5 Ways to Counter Fatigue and Boost Energy

Feeling tired?  Richmond Natural Medicine’s Nutritionist Lindsay Kluge shares helpful lifestyle tips that are sure to counter fatigue and boost energy.

If you’re having a hard time making it through the day, sleeping through the night, or waking up in the morning, you’re likely to experience fatigue and low energy on a daily basis. There are several physiological factors that go into our energy production including hormone balance, dietary inputs and environment factors, and finding the “weak link” in your daily life might pose clues as to why you’re experiencing fatigue.  As a holistic practitioner, I often encourage my patients to focus on lifestyle factors before resorting to medications or supplements.

Take a look at 5 areas in particular to counter fatigue and increase energy before supplementing with over the counter supplements or medication:

  • Balance your Circadian Rhythm. If you have difficulty getting out of bed in the morning, or have an afternoon slump in energy, or can’t fall asleep at night, you might be having some imbalance in your circadian rhythm. The circadian rhythm in your body’s 24 hour internal clock that modulates your sleep wake cycle, and is influenced by an orchestra of hormones and environmental factors. Cortisol is a major endocrine hormone that not only is responsible for your stress response, it is also one one of the major hormone modulators of your circadian rhythm. When you feel constantly tired or lack energy throughout the day, you may want to consider having your cortisol levels checked, but more importantly, pay attention to how your struggling with your circadian rhythm. Things like maintaining consistent meal times, waking with the sun and dimming the lights before bed, and avoiding computer and TV screens at night all help to balance your circadian rhythm, thereby supporting your cortisol (stress) levels.
  • Cut back on the caffeine. There’s nothing wrong with a morning cup of coffee or caffeinated tea, however when consumed in excess, and especially too late in the afternoon, caffeine can put unnecessary strain on your adrenal glands and tax your cortisol supplies. This goes back to supporting your circadian rhythm, and using the cortisol you have sparingly. It’s not “normal” for your body to constantly be jolted by caffeine, and this unnatural push for more and more quick energy burns out the adrenals quickly, leading to chronic low energy over time.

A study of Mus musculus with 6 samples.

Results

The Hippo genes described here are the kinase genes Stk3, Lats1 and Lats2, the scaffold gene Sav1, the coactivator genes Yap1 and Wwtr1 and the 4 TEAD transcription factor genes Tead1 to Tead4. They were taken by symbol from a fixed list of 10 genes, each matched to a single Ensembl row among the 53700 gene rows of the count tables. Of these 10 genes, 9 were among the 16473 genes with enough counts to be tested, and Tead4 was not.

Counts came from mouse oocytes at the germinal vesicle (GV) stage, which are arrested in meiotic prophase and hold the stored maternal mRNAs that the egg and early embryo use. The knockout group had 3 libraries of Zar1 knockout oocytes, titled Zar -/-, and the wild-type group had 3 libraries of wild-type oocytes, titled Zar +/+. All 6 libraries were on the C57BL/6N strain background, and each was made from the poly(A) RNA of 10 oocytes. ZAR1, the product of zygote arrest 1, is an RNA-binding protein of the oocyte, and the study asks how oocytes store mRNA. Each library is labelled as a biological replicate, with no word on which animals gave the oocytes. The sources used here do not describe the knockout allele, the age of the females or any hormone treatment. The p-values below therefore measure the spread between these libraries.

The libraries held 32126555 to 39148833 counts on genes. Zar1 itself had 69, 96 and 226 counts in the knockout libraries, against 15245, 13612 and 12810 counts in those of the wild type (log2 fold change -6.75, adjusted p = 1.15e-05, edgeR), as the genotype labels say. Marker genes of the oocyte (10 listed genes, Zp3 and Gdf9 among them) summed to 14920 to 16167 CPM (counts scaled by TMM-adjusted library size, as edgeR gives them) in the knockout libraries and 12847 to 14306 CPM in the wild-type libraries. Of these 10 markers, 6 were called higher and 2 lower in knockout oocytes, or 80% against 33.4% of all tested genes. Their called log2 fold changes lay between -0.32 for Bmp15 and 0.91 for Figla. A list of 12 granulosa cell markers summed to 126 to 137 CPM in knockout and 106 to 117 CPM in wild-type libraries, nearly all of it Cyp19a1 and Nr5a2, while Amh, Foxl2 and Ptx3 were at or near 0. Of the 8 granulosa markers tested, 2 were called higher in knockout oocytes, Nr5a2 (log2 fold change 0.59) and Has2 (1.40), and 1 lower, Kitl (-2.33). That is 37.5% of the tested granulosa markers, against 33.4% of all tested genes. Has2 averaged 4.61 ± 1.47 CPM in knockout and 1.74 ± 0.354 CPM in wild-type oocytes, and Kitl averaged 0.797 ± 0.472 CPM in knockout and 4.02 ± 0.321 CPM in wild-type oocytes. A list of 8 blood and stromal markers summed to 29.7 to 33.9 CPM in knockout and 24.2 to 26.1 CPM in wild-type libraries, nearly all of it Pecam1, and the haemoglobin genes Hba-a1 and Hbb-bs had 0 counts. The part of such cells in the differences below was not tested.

• Practice meditation or mindfulness breathing. Taking full, deep breaths truly does help to re-set and calm the nervous system which can become over-burdened and heightened with too much stress. Stress is exhausting and very taxing to the body, and taking moments throughout the day to breath deeply to support your nervous system will help decrease the fatigue experienced by those with a higher than normal stress level. Take a deep breath at every red light while driving, while you’re brushing your teeth, every time you get a new email in your inbox…have signals to remind yourself to do this during the day.
  • Exercise for at least 20 minutes per day. Your body needs to move and stay flexible or it will become brittle and “break” more easily. By moving your body through walking, yoga, weight lifting or resistance training, the body’s circulatory and lymphatic system will be engaged and active. Interestingly, the more active and physically fit you are, the more energy you will ultimately have throughout the day. The more sluggish you become, the weaker and more fatigued the muscles and joints become.
  • Decrease processed carbohydrates. Processed carbohydrates in the form of breads, cereals, bagels, pizza etc. often give us instant energy due to their transformation of sugars in the body, but the energy is short lived, often leading to an energy crash shortly after eating. This massive fluctuation in the body is disruptive not only to the digestive tract, but to the circadian rhythm and cortisol function as well. Rather than snack on processed carbs, try eating colorful whole fruits and vegetables or healthy protein sources such as nut butter balls, carrots sticks with hummus or even a boiled egg for a more sustainable pick-me-up during the day.

About the Author:

Lindsay Kluge is a Clinical Herbalist & Licensed Dietitian Nutritionist and received her Masters of Science degree in Herbal Medicine from the Maryland University of Integrative Health in 2012. She has been with Richmond Natural Medicine since 2013, and specializes in therapeutic holistic nutrition, circadian rhythm balance and sleep physiology, digestion, and Ayurvedic nutrition. She offers individualized nutrition and herbal medicine consultations that include meal planning support, custom compounded herbal formulas, nutrition guidance and general wellness support.  Learn more about services that Lindsay offers at Richmond Natural Medicine by clicking HERE.